The Aviation is a classic cocktail that has enough charm to convert vodka sluggers into gin quaffers in the time it takes to find your seat in a 747. The drink is lent a distinctive, slight sky-blue hue by the addition of an ever-elusive liqueur – Crème de Violet – and is best drunk on a beautiful spring day, when the colour of the sky matches that of the nectar in your glass.
Be warned, this is a strong drink, so please ensure that your seat backs are up, tray tables stowed, window blinds up and seatbelts are fastened for take off.
How to make an Aviation:
10ml Crème de Violette
15ml Maraschino liqueur
15ml freshly squeezed lemon juice
Pour the ingredients into an ice filled cocktail shaker and shake. Pour (if you’re an organized sort, you’ll be pouring into a chilled cocktail glass). Garnish with a cherry or a candied violet. (If you don’t have either of these – we also like a lemon zest instead)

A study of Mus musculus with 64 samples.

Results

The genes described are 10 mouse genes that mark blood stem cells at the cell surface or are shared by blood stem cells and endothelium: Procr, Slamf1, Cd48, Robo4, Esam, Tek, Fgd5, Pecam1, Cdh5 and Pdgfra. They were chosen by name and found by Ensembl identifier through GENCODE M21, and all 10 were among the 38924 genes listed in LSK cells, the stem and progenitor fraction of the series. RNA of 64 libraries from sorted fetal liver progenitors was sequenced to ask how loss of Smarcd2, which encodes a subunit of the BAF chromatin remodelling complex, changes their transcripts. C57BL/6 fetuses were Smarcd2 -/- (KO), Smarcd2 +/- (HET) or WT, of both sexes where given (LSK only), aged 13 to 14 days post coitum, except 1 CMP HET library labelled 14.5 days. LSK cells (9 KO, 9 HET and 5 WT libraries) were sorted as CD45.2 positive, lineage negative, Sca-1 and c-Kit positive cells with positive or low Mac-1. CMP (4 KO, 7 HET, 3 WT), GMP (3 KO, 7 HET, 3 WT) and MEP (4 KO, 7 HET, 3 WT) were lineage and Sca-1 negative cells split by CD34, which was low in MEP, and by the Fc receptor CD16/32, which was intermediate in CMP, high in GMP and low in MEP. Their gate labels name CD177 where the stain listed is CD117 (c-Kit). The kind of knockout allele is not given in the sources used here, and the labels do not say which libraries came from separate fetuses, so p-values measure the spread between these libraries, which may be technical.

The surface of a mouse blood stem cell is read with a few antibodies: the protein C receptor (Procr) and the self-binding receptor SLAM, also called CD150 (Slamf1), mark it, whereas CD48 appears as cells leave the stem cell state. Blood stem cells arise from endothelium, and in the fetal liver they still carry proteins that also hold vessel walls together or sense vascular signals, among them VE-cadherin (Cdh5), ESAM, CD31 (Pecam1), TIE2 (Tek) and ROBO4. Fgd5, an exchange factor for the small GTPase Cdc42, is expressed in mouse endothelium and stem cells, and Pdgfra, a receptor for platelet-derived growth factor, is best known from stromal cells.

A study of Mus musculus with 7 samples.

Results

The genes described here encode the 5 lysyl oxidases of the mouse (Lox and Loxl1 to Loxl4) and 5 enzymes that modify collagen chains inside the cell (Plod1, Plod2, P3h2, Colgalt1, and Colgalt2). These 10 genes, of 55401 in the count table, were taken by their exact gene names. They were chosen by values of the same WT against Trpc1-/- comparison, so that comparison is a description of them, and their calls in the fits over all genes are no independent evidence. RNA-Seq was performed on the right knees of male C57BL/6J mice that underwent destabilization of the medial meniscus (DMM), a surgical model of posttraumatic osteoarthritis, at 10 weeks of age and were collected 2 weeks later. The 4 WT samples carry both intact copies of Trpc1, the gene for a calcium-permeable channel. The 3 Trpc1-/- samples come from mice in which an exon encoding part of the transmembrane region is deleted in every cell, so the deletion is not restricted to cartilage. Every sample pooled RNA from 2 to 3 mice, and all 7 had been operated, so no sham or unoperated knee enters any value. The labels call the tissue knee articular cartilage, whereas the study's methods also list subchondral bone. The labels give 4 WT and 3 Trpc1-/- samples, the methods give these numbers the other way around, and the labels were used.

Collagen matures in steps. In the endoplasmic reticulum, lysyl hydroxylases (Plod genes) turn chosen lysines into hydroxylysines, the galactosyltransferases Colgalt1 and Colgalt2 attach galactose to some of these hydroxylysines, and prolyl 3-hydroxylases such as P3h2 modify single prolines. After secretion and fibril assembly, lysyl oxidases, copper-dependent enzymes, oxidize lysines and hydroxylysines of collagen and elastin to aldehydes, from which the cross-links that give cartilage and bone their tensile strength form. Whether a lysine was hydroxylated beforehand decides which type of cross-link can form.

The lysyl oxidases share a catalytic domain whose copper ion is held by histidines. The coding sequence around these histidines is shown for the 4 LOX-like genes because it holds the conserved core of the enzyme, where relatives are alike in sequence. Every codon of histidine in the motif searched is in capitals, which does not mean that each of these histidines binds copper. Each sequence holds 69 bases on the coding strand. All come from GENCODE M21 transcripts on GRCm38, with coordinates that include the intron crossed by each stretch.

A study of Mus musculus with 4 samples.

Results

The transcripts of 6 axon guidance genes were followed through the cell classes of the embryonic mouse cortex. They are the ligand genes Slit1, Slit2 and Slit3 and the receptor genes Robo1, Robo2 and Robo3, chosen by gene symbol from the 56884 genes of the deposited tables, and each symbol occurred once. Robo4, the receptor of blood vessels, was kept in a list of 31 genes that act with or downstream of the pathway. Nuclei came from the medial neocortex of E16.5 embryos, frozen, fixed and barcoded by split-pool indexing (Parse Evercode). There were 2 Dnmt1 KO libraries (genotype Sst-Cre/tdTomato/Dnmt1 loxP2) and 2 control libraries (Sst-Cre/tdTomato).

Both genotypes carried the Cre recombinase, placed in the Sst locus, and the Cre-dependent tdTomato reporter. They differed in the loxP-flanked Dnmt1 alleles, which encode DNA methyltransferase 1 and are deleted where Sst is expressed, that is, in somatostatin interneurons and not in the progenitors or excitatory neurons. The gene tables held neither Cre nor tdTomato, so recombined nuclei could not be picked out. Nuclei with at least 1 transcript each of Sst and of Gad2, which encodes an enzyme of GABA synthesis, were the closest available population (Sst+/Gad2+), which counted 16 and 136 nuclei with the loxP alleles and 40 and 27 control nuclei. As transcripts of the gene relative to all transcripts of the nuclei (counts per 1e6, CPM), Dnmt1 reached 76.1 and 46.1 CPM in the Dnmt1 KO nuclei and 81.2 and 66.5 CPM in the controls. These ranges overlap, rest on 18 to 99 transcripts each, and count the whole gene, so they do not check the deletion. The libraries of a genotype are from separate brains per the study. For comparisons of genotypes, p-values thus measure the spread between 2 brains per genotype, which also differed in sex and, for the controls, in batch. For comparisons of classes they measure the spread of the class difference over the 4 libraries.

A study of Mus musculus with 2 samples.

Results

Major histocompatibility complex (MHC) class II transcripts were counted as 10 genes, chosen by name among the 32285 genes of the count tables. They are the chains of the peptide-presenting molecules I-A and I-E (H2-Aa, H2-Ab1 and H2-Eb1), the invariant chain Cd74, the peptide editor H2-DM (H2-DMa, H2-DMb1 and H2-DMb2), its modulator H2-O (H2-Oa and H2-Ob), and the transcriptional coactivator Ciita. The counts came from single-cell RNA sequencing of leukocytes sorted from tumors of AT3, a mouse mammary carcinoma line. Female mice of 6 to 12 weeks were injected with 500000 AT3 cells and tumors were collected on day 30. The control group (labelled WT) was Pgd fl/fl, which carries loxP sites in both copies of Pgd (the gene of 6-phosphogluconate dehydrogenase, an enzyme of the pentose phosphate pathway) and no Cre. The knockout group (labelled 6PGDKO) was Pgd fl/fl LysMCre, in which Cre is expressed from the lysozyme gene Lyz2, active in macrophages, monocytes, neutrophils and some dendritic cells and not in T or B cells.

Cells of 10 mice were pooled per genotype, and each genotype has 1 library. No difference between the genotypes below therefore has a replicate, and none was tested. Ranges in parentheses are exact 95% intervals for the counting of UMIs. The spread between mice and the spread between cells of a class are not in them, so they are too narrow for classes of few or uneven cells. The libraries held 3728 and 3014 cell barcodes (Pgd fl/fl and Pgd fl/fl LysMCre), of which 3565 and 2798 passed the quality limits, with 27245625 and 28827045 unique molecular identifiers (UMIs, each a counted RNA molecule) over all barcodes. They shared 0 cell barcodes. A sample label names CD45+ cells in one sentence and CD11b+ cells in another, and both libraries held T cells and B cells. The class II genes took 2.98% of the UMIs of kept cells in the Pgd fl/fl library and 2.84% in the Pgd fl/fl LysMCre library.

An abridged, inebriated history:
The original Aviation cocktail was first published in Hugo R. Ensslin’s 1916 Recipes for Mixed Drinks and made great use of Alps produced liqueur Crème de Violet, the colour of which is alluded to in the drink’s very name.
Harry Craddock later printed the recipe in his 1930 publication, Savoy Cocktail Book. Harry’s recipe was a somewhat corrupt take on the drink, as he omitted the Crème de Violette – most likely due to its scarcity in Europe and America (the drink eventually disappeared from the American market altogether in the 1960s). The absence of the liqueur meant that for the next forty or so years the Aviation was served without one of its central (original) ingredients. In fact, it wasn’t until 2007 that it was brought back into the American market and even now cocktail connoisseurs debate over whether violet has any place in the drink.
We’ve included the original recipe below, but if you add another 10ml of Maraschino and remove the Crème de Violette you’ll have Craddock’s own, much sourer version.
The Savoy Cocktail Book recipe:
50ml Dry Gin
15ml lemon juice
Shake well and into strain into a cocktail glass.